Jamaica Opposition Party Defends Tax Policy

Photo above shows JLP Leader, Andrew Holness, bending and listening to a senior at an event on Labour Day, in 2014. Photo credit: JLP.

By Peter Richards
CMC Jamaica Correspondent 

KINGSTON, Jamaica, Feb 22, (CMC) – The main opposition Jamaica Labour Party (JLP), last night, stoutly defended its income tax policy, and urged supporters to ensure it is victorious in Thursday’s general election here.

Both JLP Leader, Andrew Holness, and former Finance Minister, Audley Shaw, told supporters at a rally here, that the controversial policy that would allow for employees, earning up to J$1.5 million (One Jamaica dollar =US$0.008 cents) annually, not to pay taxes, would not be a burden on the local economy.

“After four years of taxation, it is time to make you a part of the partnership of prosperity,” Holness told the rally.

“Our plan is based on solid economics; when your economy is contracting, that is the time government must act to give a stimulus to the economy,” he said to loud cheers, adding, that the country should no longer fall “for the trickery” of the PNP, the ruling People’s National Party.

Holness said, that as far back as 2011, when he was campaigning to ensure the JLP remained in office, he had warned the country that “there is going to be some rough times while we implement tax reform, (and) after that, the country will grow…but some people ran for the trickery of the PNP.

“Well you now have a chance to make it right again, now you have a chance to repair that damage,” he said, adding, that when the PNP won the 2011 poll, it found an agreement with the International Monetary Fund (IMF) just six months waiting to be completed.

He said, the Portia Simpson Miller administration could have decided to continue with the existing program rather than negotiate a new one, that resulted in a total of J$52 billion in taxes on the population over the last four years.

He said further, the local currency had been devalued significantly, with exports on the decline.

“As a consequence, your food basket is half of what it was in 2011,” he said, adding, the 10-point plan the JLP has for Jamaica, over the next five years, have transferred Jamaican politics.

“We have presented Jamaica with the path to prosperity,” Holness said, telling the supporters “on February 25, go out in your numbers…and show PNP they can’t take your vote for granted.

“Jamaica gone green, Jamaica gone JLP,” a confident Holness added.

Audley Shaw

Audley Shaw

Earlier, Shaw, who had once challenged Holness for leadership of the party, said that under the PNP, the Jamaican dollar had devalued by at least J$100, and that the time was now for a change of economic policies in the country.

He said the tax break for workers, such as teachers, police officers, nurses and firemen, was designed to stimulate the economy.

“We are ensuring that Jamaica comes out of the situation, where we have the most inequality situation in the world, “Shaw said, adding that the JLP wanted all low-income workers to have “a better way of life”.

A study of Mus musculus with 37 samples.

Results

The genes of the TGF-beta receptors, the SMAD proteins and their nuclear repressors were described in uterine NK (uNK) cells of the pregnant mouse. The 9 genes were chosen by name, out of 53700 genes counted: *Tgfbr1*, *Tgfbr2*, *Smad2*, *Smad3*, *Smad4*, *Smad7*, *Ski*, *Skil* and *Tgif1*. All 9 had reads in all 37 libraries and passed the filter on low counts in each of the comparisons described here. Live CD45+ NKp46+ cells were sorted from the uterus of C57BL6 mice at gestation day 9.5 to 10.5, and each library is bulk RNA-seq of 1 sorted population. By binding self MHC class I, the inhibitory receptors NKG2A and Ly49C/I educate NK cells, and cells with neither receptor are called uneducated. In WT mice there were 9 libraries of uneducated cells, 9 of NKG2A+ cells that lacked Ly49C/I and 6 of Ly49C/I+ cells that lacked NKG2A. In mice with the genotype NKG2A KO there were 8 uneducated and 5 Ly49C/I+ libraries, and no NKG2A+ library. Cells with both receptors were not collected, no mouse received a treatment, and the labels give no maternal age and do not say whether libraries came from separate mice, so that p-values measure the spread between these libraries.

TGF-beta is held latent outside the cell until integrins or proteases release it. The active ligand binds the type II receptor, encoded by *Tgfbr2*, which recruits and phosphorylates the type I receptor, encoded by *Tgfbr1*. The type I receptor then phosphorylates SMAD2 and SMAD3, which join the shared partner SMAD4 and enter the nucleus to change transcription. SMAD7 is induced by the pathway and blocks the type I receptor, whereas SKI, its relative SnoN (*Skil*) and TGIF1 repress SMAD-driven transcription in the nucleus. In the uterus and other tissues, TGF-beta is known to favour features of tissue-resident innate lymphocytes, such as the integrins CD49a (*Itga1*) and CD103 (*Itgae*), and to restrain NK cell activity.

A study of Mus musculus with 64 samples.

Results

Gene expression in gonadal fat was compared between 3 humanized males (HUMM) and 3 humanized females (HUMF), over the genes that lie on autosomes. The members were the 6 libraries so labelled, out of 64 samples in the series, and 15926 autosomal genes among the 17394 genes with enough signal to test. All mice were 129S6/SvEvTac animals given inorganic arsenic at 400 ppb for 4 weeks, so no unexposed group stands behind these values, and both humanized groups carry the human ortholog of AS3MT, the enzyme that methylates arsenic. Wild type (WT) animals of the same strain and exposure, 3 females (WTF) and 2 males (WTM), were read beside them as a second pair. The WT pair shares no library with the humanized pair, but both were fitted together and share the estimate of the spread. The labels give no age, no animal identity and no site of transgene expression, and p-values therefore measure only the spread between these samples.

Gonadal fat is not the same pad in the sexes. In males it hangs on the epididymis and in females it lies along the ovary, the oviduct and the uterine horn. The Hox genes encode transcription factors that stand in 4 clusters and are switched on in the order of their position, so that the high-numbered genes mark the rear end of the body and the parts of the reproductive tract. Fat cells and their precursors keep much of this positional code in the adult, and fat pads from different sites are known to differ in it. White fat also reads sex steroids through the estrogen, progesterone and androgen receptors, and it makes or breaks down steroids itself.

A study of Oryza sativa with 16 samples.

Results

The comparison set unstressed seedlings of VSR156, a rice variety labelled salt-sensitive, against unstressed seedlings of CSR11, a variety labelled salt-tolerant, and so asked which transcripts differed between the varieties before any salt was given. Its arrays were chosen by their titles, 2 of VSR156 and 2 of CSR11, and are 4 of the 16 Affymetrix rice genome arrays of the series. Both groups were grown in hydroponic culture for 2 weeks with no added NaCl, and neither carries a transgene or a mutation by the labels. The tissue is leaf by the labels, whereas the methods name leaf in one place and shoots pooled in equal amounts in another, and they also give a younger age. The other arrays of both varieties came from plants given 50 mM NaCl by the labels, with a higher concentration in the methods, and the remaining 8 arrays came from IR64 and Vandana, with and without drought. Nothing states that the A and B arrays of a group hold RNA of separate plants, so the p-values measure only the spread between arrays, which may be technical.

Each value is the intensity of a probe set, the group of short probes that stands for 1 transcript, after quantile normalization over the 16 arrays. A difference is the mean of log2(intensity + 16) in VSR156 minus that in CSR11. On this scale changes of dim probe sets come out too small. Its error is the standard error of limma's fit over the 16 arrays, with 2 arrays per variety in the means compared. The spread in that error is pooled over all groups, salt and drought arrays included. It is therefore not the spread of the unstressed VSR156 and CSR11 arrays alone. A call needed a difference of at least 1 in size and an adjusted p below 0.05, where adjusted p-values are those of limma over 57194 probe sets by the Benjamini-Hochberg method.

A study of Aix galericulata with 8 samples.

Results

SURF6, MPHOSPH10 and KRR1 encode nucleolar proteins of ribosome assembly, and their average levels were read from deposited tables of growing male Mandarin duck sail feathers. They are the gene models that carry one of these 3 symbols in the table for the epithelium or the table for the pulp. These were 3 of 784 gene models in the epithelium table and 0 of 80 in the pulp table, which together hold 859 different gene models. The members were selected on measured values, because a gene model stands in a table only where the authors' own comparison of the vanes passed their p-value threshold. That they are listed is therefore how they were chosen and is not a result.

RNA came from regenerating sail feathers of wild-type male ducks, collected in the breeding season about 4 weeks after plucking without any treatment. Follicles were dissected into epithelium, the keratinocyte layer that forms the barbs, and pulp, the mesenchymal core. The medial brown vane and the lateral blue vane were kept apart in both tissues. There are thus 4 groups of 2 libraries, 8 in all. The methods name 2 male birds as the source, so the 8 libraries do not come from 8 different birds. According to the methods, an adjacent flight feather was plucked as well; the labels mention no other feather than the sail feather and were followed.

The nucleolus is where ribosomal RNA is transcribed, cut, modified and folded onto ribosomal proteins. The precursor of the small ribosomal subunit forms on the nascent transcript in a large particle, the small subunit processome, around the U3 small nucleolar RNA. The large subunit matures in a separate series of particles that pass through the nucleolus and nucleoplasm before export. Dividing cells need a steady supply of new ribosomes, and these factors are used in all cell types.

“We are mindful that those (earning) between 1.5 to five million will have to pay taxes, but the threshold will remain at J$600,000…but as soon we get into office we will review that. Our long term plan is to move away from income tax.

The PNP and some political and financial analysts here, have said that the income tax proposal is not feasible, with the former President of the Private Sector Organisation of Jamaica (PSO), Joseph Matalon, in a full page article in the Sunday Gleaner indicating that the tax proposal was “unworkable” .

Matalon said, that under the JLP plan, someone earning up to J$1.8 million could take home less than a person earning J$1.5 million.

He said, this could then cause people negotiating lower salaries in order to increase their take home pay and that it would cost more than J$31 billion to the treasury.

“It’s a revenue loss,” said Matalon, who added, that it is simply unaffordable in the context of the current economic reform program, endorsed by the IMF.

But Both Holness and Shaw dismissed the analysis with the JLP Leader saying, “this election, more than any other election, has seen people talking about issues…

“But at the end of the day, channel that into a vote for the JLP…who want to see better for you and the country.”

Also addressing the rally on Sunday night, was former JLP Leader and former Prime Minister, Edward Seaga, who said, after resigning following 45 years in active politics, he had not envisioned putting on “my green shirt again”.

“I never thought I would see the day when I would come out in my green shirt again. When I retired in 2005, I took off the shirt and the shoes that I was wearing from the 70s,” he said, telling the crowd, “I am not here to tell you that I want to resume my political career, 45 five years of unbroken service is enough”.

But he said, he wanted the next government to ensure that no one will have to take to the streets to cry for justice.

“The only way you can get such a government is to have free and fair elections, for which the JLP struggled in the 1990s,” said Seaga, warning, that of the 63 constituencies across the island, there are only seven machines to allow for electronic voter identification.

“This means that only seven of the 63 constituencies are protected,” he said.